Jan Van Eyck [c. 1395 - 1441], or Johannes de Eyck, was a Flemish painter, one of the finest artists of the 15th century and also known as the "father of oil painting". Though the use of oil-based painting predates Van Eyck by several centuries, Jan and his brother, Hubert, were the earliest to use it for panel painting and to create extraordinary effects through the mastery of glazes, wet-on-wet and other painterly techniques.

The earliest source on Van Eyck is a biography [1454] by Bartolomeo Facio. He describes the painter as one of the best artists of the 15th century and an educated man grounded in the classics. The earliest official record of Van Eyck is as court painter for John of Bavaria in 1422. At the death of John, Van Eyck moved to the court of Duke Philip the Good of Burgundy. His primary surviving work from this time is in the Turin-Milan Hours, an extravagantly illuminated manuscript which contained not only a book of hours but a prayer-book and missal as well. By 1479 a section of the manuscript belonged to the House of Savoy who gave it to the National Library in Turin in 1720. That manuscript, along with Van Eyck's illuminations, were lost during a fire in 1904.

Duke Philip held Van Eyck in high regard, paying him a sizeable salary when he first entered his court. Within a short period of time that original salary doubled twice and Van Eyck also received special bonuses. His salary alone sets him apart from other painters of this period since most depended on commissions for their survival. The Duke became godfather to one of Van Eyck's children, supported his wife when Van Eyck died, and provided the necessary financial assistance for one of his daughters to enter a convent.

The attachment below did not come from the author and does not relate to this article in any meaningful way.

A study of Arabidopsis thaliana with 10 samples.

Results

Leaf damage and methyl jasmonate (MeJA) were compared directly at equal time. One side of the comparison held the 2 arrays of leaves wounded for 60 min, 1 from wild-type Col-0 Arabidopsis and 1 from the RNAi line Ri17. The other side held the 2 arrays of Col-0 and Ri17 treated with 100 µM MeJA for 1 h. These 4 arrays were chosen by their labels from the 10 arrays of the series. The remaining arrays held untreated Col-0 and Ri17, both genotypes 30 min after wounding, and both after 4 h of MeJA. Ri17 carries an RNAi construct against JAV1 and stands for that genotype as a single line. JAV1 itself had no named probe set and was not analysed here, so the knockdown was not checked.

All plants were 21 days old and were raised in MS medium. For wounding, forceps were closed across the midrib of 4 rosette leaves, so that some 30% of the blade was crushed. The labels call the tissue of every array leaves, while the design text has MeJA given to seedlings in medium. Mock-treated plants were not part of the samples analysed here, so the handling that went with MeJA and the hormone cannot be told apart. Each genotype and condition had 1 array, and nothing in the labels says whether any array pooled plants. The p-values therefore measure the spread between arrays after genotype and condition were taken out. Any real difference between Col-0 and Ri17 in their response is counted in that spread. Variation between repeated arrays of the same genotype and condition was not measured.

Van Eyck's most celebrated work is the Ghent Altarpiece, a commission by Jodocus Vijdts and his wife Elisabeth Borluut for the Saint Bavo Cathedral in Ghent, Belgium. There is some question as to which Van Eyck, Jan or his brother Hubert, can claim credit for this masterpiece.

Hubert began the commission but died in 1426, long before the work was complete. A clue to the dual partnership was in the original frame which was destroyed during the Reformation. Jan Van Eyck often signed and dated his works on their frames. In the case of the Ghent altarpiece, records indicate that the destroyed frame bore an inscription which read that Hubert maior quo nemo repertus [greater than anyone] began the piece and Jan arte secundus [second best in the art] completed it. The "signature" is ambiguous as to the exact contribution of each brother and art historians are in disagreement.

Van Eyck died in 1441 and was buried in the Church of St. Donatian. Unlike his brother Hubert, a substantial amount of Jan Van Eyck's work survives him.



The Ghent altarpiece also known as Adoration of the Mystic Lamb or The Lamb of God. Hubert and Jan Van Eyck. (detail) 1432. the Cathedral of Saint Bavo. Ghent, Belgium.

Diptych of The Annunciation, Jan Van Eyck. 1434. Museo Thyssen-Bornemisza, Madrid.

The annunciation. Jan Van Eyck. 1434. National Gallery, Washington, DC.

Self portrait also known as Portrait of a man in a red turban. Jan Van Eyck. 1433. National Gallery, London. This painting is in its original frame which has two inscriptions: at the top, ALC IXH XAN (I Do as I Can); at the bottom, JOHES DE EYCK ME FECIT ANO MCCCC.33.21. OCTOBRIS (Jan Van Eyck Made Me on October 21, 1433).